Kennedy still minister after Nesbitt shake-up

Northern Ireland- 3rd April 2012 Mandatory Credit - Photo-Jonathan Porter/Presseye. New Ulster Unionist leader announces his new Assembly Team. Following the first meeting of the Ulster Unionist Assembly Group since his appointment as party leader Mike Nesbitt held a press conference at the Great Hall at Stormont's Parliament Building to announce the re-shuffle. Mike Nesbitt pictured at the press conference.
Northern Ireland- 3rd April 2012 Mandatory Credit - Photo-Jonathan Porter/Presseye. New Ulster Unionist leader announces his new Assembly Team. Following the first meeting of the Ulster Unionist Assembly Group since his appointment as party leader Mike Nesbitt held a press conference at the Great Hall at Stormont's Parliament Building to announce the re-shuffle. Mike Nesbitt pictured at the press conference.

NEWLY-ELECTED Ulster Unionist leader Mike Nesbitt has revealed details of changes to his party’s Stormont Assembly team.

The announcement was made yesterday following the first meeting of the UUP Assembly group under his stewardship.

The Strangford MLA was elected party leader last Saturday ahead of John McCallister at the UUP annual conference in a landslide victory — despite only having joined the party in 2010.

Having failed to win the Strangford Westminster seat in the May 2010 general election, the 54-year-old former broadcast journalist secured an Assembly seat in the same constituency.

Mr Nesbitt has nominated himself to become chair of the OFMDFM Committee with outgoing chair Tom Elliott remaining a member of the committee.

Newry and Armagh MLA Danny Kennedy will remain as minister for the Department of Regional Development, and Basil McCrea retains his position as chair of the Department of Employment and Learning Committee.

South Antrim MLA Danny Kinahan has been appointed vice chair of the Education Committee.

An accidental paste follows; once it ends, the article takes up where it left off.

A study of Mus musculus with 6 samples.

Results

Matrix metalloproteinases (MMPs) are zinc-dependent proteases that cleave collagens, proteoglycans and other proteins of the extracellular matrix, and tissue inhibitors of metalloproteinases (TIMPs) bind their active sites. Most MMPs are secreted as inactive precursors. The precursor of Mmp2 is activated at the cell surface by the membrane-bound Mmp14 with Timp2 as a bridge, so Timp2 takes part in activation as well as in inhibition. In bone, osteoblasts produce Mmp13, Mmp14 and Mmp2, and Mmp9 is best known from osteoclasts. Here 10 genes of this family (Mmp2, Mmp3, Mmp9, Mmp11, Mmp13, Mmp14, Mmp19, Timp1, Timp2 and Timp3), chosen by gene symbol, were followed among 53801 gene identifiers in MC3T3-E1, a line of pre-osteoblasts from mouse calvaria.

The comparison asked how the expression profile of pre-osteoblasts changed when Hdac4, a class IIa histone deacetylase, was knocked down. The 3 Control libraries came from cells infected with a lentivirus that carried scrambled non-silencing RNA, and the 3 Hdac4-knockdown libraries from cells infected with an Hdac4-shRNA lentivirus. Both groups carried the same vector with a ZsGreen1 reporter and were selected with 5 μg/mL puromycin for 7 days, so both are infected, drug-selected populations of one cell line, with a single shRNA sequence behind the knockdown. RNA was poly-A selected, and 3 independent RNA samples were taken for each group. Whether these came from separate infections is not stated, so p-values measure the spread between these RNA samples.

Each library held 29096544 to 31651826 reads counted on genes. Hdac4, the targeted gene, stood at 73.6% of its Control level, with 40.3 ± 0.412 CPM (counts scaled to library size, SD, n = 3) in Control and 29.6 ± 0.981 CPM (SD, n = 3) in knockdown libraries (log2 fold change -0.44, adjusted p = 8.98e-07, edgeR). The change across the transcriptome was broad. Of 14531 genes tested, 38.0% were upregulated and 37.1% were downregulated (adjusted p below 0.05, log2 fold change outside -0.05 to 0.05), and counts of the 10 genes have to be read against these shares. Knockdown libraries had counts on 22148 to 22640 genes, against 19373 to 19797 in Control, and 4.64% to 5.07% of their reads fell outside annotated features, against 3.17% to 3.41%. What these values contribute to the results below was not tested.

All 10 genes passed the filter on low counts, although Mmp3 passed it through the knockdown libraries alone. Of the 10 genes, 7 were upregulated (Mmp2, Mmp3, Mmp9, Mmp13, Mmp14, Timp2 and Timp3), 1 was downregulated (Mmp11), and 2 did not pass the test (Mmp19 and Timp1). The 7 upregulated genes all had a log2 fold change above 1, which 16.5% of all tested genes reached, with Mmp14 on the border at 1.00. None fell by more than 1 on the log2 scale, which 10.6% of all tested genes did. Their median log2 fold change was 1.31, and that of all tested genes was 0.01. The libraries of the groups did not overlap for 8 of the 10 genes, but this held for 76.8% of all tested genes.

The party’s new chief whip will be North Antrim MLA Robin Swann.

Mr Nesbitt has had a testing week since becoming leader — facing fierce criticism from suspended party colleague David McNarry and then being lambasted over his pledge to spend a day with a family experiencing social depravation.

Speaking on the BBC’s Sunday Politics programme, Mr Nesbitt said: “I grew up in leafy suburbs in north and then east Belfast and that probably made it relatively easy for me to be here today.

“If I’d been born maybe a mile down the road closer to the city centre you might never have heard of me. So what I’m thinking to myself is that we’re not connected and maybe what I need to do is go and find a family who will adopt me for 24 hours.

“I’d actually like to live in an area of social deprivation because I think it’s important to get a feel for what it’s like.”

Unsuccessful leadership contender Mr McCallister is to continue as the deputy leader of the Assembly group.

He will take charge of the Ulster Unionists’ commission dealing with constitutional issues.

The commission is also involved in exploring how best to advance the benefits of remaining an integral part of the United Kingdom, promoting the Union, and looking at the next phase for Northern Ireland’s devolved administration.

When elected leader, Cambridge graduate Mr Nesbitt became the Province’s only Oxbridge-educated political leader in recent memory, and the first Ulster Unionist leader who is not a member of the Orange Order.